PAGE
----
PITTSFIELD, Mass. (WWLP) – Two Pittsfield residents have tested positive for COVID-19 and are currently hospitalized.
Seven others are under quarantine while awaiting test results, and another six residents are back to work after completing a two-week quarantine.
Pittsfield Mayor Linda Tyer and other city leaders provided an update on Pittsfield’s preparedness plan during a news conference Thursday morning.
Pittsfield Director of Public Health Gina Armstrong told 22News right now, they have found no direct link between the two cases and seven possible cases. They remain under investigation.
Mayor Tyer has initiated a local emergency declaration in order to more efficiently access resources as they continue to monitor the situation. All updates will be available on CityofPittsfield.org.
She has also directed all city employees to refrain from work-related travel outside of the area, and limit in-person meetings and encourages local businesses and community groups to do the same.
Tyer also announced that no special event permits will be issued until further notice. She said those who already have special event permits should consider postponing or canceling their event.
Governor Charlie Baker, who has called Berkshire County’s COVID-19 cases most concerning—due to no known origin— will be meeting with Mayor Tyer later Thursday afternoon.
NEWS RELEASE: Mayor Linda Tyer Issues Emergency Declaration for the City of Pittsfield
PITTSFIELD, Mass. (March 12, 2020) – With COVID-19 now recognized as a global pandemic, and with the City of Pittsfield and parts of Berkshire County now impacted, Mayor Linda Tyer announced Thursday morning during a press conference that a local Emergency Declaration was in immediate effect for Pittsfield. Additionally, the mayor issued specific guidelines for city employees and city operations during a 30-day timeframe.
“The health and well-being of every Pittsfielder and our Berkshire neighbors is my greatest concern. We have made a number of decisions that we are sharing with our community today. This action plan is based current conditions. As we all know, the situation is fluid and our actions will be adjusted as the circumstances dictate,” the mayor said.
“Our goals are twofold: implementing appropriate municipal actions and issuing recommendations to the community in order to contain the spread of COVID-19. For as long as possible, we will maintain essential services while protecting public health. This action plan will remain in effect for the next 30 days unless otherwise amended or extended,” she said.
The Emergency Declaration is an administrative tool that allows municipal government to access state and federal resources to better serve the community as COVID-19 evolves.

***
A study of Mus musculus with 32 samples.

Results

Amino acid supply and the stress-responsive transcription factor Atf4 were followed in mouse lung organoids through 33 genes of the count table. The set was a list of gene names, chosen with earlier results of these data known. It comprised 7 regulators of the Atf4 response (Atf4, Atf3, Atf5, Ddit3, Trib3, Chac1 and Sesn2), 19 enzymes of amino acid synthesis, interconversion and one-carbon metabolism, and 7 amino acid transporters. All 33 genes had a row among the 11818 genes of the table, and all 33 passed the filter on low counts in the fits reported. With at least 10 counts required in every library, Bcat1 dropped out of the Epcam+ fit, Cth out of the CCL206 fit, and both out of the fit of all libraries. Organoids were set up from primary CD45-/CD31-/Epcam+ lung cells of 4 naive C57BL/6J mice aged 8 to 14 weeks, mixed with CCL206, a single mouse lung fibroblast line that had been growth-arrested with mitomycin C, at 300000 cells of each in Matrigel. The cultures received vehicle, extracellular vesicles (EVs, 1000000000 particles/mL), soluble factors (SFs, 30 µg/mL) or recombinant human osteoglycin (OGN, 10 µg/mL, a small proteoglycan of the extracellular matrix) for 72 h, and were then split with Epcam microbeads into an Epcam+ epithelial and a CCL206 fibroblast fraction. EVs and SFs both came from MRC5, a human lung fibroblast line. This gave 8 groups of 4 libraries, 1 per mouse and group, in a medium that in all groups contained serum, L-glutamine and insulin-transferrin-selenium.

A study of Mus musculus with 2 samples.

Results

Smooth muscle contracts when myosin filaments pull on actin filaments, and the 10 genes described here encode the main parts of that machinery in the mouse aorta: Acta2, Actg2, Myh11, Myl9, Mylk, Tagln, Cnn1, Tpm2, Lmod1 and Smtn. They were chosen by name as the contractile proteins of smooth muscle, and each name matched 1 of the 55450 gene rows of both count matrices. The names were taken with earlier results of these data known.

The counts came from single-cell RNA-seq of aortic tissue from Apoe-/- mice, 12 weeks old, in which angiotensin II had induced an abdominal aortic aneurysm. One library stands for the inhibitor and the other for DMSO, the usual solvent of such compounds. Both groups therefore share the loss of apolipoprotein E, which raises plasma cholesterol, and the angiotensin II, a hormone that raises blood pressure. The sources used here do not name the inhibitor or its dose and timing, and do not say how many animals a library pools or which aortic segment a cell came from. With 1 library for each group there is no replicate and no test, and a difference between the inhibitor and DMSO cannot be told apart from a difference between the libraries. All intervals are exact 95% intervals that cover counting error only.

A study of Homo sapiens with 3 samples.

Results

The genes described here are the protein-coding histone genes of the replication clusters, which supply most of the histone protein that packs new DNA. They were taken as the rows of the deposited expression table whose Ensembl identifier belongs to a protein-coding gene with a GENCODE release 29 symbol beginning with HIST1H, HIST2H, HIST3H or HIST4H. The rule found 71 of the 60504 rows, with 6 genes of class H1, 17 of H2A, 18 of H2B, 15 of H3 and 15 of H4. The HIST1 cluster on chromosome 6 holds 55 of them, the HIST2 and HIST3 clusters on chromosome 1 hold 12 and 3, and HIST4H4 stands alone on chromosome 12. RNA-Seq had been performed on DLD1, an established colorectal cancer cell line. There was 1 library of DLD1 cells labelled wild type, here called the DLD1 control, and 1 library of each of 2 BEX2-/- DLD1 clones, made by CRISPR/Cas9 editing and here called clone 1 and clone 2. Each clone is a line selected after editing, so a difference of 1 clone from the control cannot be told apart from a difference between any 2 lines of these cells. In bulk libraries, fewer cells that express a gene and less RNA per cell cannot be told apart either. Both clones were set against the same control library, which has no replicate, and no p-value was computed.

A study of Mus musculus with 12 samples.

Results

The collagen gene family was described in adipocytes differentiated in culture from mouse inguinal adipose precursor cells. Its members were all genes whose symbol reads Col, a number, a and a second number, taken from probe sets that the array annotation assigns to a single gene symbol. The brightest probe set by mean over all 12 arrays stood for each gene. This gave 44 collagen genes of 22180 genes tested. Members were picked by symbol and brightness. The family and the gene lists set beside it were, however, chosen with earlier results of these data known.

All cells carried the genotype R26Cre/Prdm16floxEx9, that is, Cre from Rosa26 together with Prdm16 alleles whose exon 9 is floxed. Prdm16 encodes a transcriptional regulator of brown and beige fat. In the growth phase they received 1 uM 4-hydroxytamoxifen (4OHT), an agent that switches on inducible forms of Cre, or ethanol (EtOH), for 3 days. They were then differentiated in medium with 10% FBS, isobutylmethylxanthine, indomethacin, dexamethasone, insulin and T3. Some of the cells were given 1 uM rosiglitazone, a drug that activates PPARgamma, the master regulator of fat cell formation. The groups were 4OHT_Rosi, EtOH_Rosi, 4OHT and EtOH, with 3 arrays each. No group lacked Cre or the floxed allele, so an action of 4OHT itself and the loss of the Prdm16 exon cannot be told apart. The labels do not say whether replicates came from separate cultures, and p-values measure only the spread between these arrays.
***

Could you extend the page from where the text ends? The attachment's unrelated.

“I want to emphasize that this is an administrative tool that will allow us to more quickly and efficiently utilize and coordinate municipal services, equipment, supplies, and facilities,” she said. “It allows us to be nimble and responsive as circumstances require. Furthermore, the declaration also triggers the establishment of a unified command that will be comprised of senior level city officials for the purposes of tracking, monitoring, planning, and executing our actions.”
Earlier this month, Mayor Tyer established the city’s COVID-19 Preparedness Planning Team to effectively organize and plan the city’s response to this public health emergency. As part of its work, members of the group has participated in several discussions with local, state, and federal public health officials on recommended protocols and protective measures.
THE CITY OF PITTSFIELD OFFICE OF THE MAYOR 70 Allen Street, Pittsfield, MA 01201
In addition to the declaration, recommendations and guidance pertaining to city employees and city operations reflect this collaborative input. The mayor encouraged businesses and community organizations to implement similar measures, as appropriate.
The following are in effect immediately for all City of Pittsfield employees. The mayor encourages businesses and community organizations to implement similar measures:
- No travel outside of the Berkshires, and preferably Pittsfield, for any work-related purposes.
- Conduct meetings virtually or by conference call. For the time being this does not apply to the City Council, School Committee, or Boards and Commissions. However, limited agendas or postponements are encouraged.
- Stay home when sick with flu-like or respiratory symptoms.
- Using sick time will be waived for employees if it is determined by public health officials that the employee has been identified as COVID-19 positive or requires quarantine based upon public health guidelines.
- Maintain personal hygiene practices and begin social distancing.
a. Wash hands often with soap and warm water for at least 20 seconds. b. Avoid touching your face. c. Clean things that are frequently touched like doorknobs, countertops, and light switches, with disinfectant cleaning spray or wipes. d. Cover coughs and sneezes with a tissue or the inside of your elbow.
- City employees are asked to implement more stringent cleaning practices in their workspaces. Supplies will be made available through the building maintenance department.
- Reconsider personal travel outside of the United States.
- Reconsider personal attendance at large scale events.
- For the next 30 days, the City of Pittsfield will not issue any special event permits. Organizers of currently approved events should consider postponing or cancelling.
At this time, the city is not closing public buildings such as the senior center, library, city hall, and schools. However, these decisions are all subject to change based, the mayor said.